Behind 3D Printers

Labeled for reuse by Google

Over the past few years I have read a lot online and heard about these things called “3D printers” and how great they are. I have heard numerous people talk about the amazing things that can be created with these printers, such as a basic everyday objects, food, and even a car… For the past couple of years I could not wrap my head around how a printer can create not only a car, but a car that can operate.

What I Found:

After conducting a great amount of research on 3D printers I have been able to see just how cool these things really are. If you have the right material necessary for the object you desire and a 3D digital file of that object, you are just one click away from creating whatever you wish. For example, if I wanted to make a phone case I would use a 3D scanner to examine the object I want (or download a 3D file of that object online), insert a printing material into it, and watch it go. It’s that easy, right? Not necessarily. Many believe that a 3D printer will make an entire object with no assembly requirements, but this is not true.

The 3D printer can make the parts but not put them together, depending on the size and complexity of the object you are creating. You are able to assemble parts the printer produces, but any screws or bolts have to be bought separately. 3D printers are also very pricey (as expected) ranging anywhere from $1,000 – $2,000 and can go upwards of $50,000 for larger ones, although those prices are beginning to drop.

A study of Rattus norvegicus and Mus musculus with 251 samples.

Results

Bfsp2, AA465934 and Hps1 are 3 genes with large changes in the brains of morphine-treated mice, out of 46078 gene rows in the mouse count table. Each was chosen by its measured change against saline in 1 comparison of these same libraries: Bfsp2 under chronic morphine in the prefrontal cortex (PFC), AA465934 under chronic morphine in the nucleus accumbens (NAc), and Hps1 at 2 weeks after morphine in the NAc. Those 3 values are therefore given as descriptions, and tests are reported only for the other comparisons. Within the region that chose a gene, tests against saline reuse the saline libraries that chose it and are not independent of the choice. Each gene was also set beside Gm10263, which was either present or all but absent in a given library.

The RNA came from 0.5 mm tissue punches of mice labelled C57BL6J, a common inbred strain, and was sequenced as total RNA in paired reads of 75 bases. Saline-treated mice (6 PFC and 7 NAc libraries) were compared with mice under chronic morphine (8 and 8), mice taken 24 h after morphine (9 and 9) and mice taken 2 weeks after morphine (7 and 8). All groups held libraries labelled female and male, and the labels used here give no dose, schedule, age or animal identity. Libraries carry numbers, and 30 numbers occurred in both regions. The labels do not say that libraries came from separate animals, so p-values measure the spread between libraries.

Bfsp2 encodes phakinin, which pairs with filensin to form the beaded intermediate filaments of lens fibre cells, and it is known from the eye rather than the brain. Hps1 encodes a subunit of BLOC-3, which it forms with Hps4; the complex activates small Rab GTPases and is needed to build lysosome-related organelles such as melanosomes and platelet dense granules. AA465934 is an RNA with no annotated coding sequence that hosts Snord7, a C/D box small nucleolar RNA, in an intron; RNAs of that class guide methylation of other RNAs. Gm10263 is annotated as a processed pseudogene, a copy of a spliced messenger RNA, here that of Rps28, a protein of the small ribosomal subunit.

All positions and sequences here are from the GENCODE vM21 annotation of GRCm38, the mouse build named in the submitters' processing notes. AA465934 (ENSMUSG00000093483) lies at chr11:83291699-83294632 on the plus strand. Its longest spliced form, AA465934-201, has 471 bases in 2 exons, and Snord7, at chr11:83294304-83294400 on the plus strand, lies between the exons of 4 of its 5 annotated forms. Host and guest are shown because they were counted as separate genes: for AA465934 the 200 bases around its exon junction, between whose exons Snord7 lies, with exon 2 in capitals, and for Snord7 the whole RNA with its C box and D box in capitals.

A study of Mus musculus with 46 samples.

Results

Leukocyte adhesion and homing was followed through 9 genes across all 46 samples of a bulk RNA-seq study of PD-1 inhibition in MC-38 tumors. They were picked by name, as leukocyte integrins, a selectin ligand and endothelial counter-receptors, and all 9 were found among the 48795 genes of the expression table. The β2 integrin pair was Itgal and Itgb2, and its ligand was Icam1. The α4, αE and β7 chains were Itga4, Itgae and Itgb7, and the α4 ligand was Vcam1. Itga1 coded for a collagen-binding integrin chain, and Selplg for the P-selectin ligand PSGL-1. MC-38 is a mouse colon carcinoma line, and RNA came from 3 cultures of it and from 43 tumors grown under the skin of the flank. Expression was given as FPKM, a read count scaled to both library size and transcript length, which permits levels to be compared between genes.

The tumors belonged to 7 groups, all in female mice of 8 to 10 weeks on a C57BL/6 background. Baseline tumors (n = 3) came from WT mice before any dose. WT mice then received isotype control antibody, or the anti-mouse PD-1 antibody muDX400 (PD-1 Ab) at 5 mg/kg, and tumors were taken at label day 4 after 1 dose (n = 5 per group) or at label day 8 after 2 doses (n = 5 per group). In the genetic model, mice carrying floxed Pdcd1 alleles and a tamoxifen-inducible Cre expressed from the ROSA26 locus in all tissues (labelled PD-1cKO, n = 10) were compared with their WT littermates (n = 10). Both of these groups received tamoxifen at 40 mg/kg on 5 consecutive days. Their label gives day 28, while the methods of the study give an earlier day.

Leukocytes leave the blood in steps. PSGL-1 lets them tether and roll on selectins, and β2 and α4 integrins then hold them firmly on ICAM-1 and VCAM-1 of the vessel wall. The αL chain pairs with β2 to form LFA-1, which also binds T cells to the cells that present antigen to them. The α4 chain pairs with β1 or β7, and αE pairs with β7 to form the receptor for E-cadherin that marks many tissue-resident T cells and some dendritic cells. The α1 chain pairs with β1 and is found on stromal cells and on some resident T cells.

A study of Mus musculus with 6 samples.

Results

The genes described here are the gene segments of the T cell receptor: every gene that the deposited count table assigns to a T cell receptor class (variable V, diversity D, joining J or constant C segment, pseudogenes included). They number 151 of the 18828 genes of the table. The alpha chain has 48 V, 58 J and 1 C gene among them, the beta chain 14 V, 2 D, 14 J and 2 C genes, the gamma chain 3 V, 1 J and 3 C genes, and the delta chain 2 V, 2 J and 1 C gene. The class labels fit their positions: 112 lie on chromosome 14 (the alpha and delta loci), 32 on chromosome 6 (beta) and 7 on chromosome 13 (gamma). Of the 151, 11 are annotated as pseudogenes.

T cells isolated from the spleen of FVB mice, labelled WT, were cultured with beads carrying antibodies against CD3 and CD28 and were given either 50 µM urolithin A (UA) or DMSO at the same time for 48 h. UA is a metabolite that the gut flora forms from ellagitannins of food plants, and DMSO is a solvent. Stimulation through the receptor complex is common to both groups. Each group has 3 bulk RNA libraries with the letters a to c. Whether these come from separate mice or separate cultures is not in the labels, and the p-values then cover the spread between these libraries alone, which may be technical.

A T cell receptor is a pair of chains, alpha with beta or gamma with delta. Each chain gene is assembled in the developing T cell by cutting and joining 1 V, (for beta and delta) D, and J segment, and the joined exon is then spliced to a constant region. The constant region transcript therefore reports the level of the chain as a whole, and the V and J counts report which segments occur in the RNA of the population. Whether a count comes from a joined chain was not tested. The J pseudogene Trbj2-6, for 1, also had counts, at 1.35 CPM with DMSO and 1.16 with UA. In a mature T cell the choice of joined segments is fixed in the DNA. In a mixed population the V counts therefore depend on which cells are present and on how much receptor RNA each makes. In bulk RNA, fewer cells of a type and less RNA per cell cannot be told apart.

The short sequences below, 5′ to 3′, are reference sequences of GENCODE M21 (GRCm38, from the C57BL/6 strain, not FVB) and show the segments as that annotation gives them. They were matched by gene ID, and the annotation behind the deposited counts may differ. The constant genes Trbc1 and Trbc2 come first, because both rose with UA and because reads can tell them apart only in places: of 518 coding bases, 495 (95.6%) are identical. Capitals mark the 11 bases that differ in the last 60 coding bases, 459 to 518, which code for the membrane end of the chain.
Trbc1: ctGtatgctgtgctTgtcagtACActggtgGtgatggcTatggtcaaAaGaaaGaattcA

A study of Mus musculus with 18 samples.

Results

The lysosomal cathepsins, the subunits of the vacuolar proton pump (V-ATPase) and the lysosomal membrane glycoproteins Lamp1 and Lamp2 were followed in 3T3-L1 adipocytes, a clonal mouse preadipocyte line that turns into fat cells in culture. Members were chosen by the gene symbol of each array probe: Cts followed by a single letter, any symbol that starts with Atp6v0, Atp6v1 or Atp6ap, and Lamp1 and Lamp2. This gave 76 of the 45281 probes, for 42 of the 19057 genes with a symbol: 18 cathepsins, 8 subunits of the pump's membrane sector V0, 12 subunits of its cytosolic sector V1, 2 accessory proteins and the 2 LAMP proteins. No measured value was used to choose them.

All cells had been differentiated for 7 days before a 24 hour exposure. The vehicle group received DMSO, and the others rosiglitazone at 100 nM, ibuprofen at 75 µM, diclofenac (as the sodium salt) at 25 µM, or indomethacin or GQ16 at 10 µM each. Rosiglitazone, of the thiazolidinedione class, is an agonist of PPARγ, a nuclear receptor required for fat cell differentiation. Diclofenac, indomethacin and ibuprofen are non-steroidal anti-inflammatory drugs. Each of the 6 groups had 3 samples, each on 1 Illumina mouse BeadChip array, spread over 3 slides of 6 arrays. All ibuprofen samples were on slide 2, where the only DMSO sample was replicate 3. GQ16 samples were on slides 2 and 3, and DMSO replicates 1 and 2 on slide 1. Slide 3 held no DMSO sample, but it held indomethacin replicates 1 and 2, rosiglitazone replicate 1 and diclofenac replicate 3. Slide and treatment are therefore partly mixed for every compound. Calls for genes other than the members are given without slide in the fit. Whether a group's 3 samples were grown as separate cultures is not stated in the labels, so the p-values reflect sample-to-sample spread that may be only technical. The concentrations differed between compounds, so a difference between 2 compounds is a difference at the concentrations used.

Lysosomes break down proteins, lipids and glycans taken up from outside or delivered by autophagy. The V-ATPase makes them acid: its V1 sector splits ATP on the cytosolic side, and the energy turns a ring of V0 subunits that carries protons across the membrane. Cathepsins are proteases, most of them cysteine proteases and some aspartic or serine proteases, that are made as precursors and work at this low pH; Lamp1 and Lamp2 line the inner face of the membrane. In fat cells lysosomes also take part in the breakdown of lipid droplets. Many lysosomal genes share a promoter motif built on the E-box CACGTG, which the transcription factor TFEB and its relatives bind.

We could certainly see these becoming more popular as they come more affordable. Businesses have the possibilities of having high turnovers because of easy accessibility, control over inventory, and allowing customers to get customization out of a company’s products. But at the same time it could eventually hurt our economy with the licensing disputes. People could be looking to create certain products with their printer rather than buying them. We could also see this be useful in the health care industry where they will be able to create custom-fitted bone substitutes as needed and even human organs.

Also, here is that 3D printed car.

Do you think 3D printers will benefit our country/world?


One comment

  1. graceriggert · November 10, 2015

    I always heard about 3D printers but never knew how they worked until now! Great post!